Let’s face it. Selling to payers can be a slog. Decisions can take (seemingly) forever and require (ostensibly) more buy-ins and approvals than there are people in the company. In order to be successful and simultaneously maintain a manageable level of sanity and peace of mind, I find that you need to develop a zen-like state of understanding about your customers. And the best way I know of reaching a state of healthy consciousness is through perspective.
Here’s the simple fact: no matter how complicated and dysfunctional things may seem in your own company, they likely pale in comparison to the operating environment within the typical health plan. Why? It’s simple:
Big, complex organizational structures – Map out the org chart for your average payer and tell me it’s not a hairball of layers and interrelated functions. Getting anything communicated, let alone accomplished, is a feat.
Multiple, redundant, and antiquated systems –Tally up the number of different major IT systems, or try to get a coherent claim feed, or ask how their various medical management data sources get reconciled and you’ll start to get an appreciation of the difficulty inherent in doing anything new. (It’s been said that the best way to put a health plan out of business is to have them replace their claims engine…which explains why so many are still operating off of systems that are 10 and 20 years old.)
Regulatory complexity – The confusing morass of rules, regulations, standards(e.g.CMS, state, HIPAA, NCQA) in large part defines the operational behavior of payers. And this is especially true with Medicare and Medicaid plans.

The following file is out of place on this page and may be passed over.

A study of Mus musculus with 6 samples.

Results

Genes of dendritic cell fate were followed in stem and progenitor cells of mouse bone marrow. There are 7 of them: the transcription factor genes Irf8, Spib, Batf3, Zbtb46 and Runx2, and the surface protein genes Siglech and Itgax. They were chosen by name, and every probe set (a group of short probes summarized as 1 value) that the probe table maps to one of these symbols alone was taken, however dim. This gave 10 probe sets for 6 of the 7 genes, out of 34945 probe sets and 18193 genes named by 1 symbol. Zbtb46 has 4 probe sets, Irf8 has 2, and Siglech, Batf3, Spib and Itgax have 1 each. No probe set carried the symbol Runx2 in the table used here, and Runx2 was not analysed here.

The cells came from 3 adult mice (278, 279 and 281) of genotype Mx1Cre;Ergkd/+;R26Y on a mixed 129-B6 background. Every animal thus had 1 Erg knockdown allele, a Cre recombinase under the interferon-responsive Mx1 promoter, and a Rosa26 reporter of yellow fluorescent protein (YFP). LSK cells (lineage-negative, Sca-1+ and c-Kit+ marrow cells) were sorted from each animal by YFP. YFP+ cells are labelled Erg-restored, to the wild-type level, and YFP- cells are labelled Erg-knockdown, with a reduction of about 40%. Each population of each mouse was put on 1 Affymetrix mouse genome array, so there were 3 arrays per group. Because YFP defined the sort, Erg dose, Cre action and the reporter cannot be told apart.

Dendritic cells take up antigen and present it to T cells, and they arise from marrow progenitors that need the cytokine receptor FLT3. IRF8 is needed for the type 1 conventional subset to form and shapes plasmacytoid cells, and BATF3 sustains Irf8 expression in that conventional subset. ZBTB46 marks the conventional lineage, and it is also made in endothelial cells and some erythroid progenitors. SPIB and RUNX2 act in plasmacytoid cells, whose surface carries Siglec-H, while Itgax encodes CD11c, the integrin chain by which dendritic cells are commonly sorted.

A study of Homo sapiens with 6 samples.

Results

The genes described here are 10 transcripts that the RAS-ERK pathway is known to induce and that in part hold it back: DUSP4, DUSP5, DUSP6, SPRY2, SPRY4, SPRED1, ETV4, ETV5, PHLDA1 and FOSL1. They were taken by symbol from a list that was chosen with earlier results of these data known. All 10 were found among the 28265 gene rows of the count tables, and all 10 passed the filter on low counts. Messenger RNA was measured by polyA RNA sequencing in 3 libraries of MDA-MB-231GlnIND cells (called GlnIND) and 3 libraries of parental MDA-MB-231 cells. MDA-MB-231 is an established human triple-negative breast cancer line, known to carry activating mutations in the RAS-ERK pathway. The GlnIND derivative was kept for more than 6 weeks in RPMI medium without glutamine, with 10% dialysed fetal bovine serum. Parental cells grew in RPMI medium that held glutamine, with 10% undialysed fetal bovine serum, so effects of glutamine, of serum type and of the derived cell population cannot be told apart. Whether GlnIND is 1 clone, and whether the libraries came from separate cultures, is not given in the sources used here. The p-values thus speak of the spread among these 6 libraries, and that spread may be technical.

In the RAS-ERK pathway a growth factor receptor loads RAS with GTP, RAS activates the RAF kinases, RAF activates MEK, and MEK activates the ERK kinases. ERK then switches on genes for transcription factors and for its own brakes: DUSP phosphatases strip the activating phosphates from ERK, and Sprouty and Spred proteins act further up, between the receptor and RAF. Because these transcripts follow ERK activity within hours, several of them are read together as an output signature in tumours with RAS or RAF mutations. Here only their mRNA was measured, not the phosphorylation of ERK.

The moral/human factor – Most businesses don’t have to contend with the moral complexity of determining how much care is enough, or weigh the cost of care against the potential benefit, or quantify the quality of a given doctor’s performance in treating your appendicitis versus every other doctor doing appendectomies. Wall Street, for example, didn’t let conflict of interest matters or fiduciary responsibility keep it from all sorts of very questionable business practices that are largely inconceivable in health care. Yes, there are the highly publicized stories about heartless health plans that withhold services to well-deserving members, but it’s hard to argue that they aren’t much more constrained by, and do more faithfully adhere to, a code of ethics than other businesses.
The status quo – Perhaps the biggest complication of all. Your customers are already busy doing analytics, medical management, provider file cleansing, utilization review, consumer content, etc. Which means they already have systems in place, people assigned, reports running, budgets approved, etc. Now you’re coming in and suggesting they disrupt all that. Imagine being deep in the midst of doing your taxes on the evening of April 15th and your nine year-old comes in and asks for help with some big school project…now you’re starting to get the idea of the havoc you’re wreaking inside a payer. I’m not saying you shouldn’t do it, just that you need to have perspective.
Here’s my perspective – You need to appreciate the complexity inherent in health plans, and understand that it’s hard for them to buy. They’ve got innumerable distractions and challenges competing for their time, attention and money. Their crazy, ‘irrational’ business environment has developed over years, even decades, as a response (or a defense mechanism?) to the very business factors listed above. In fact, you go a long way toward establishing your own credibility and industry knowledge by making sure your customer knows “you feel his pain.” Trust me, it’s there.
Perhaps counter-intuitively, the pain is the good news. Without the sea of troubles, the strum und drang, the agita and kvetching(enough yet?), selling to payers would be easy. Or at least a lot easier. And if it were easier, you might not be needed. And who doesn’t want to be needed? Instead, take a few deep breaths, practice your empathy and embrace the challenge.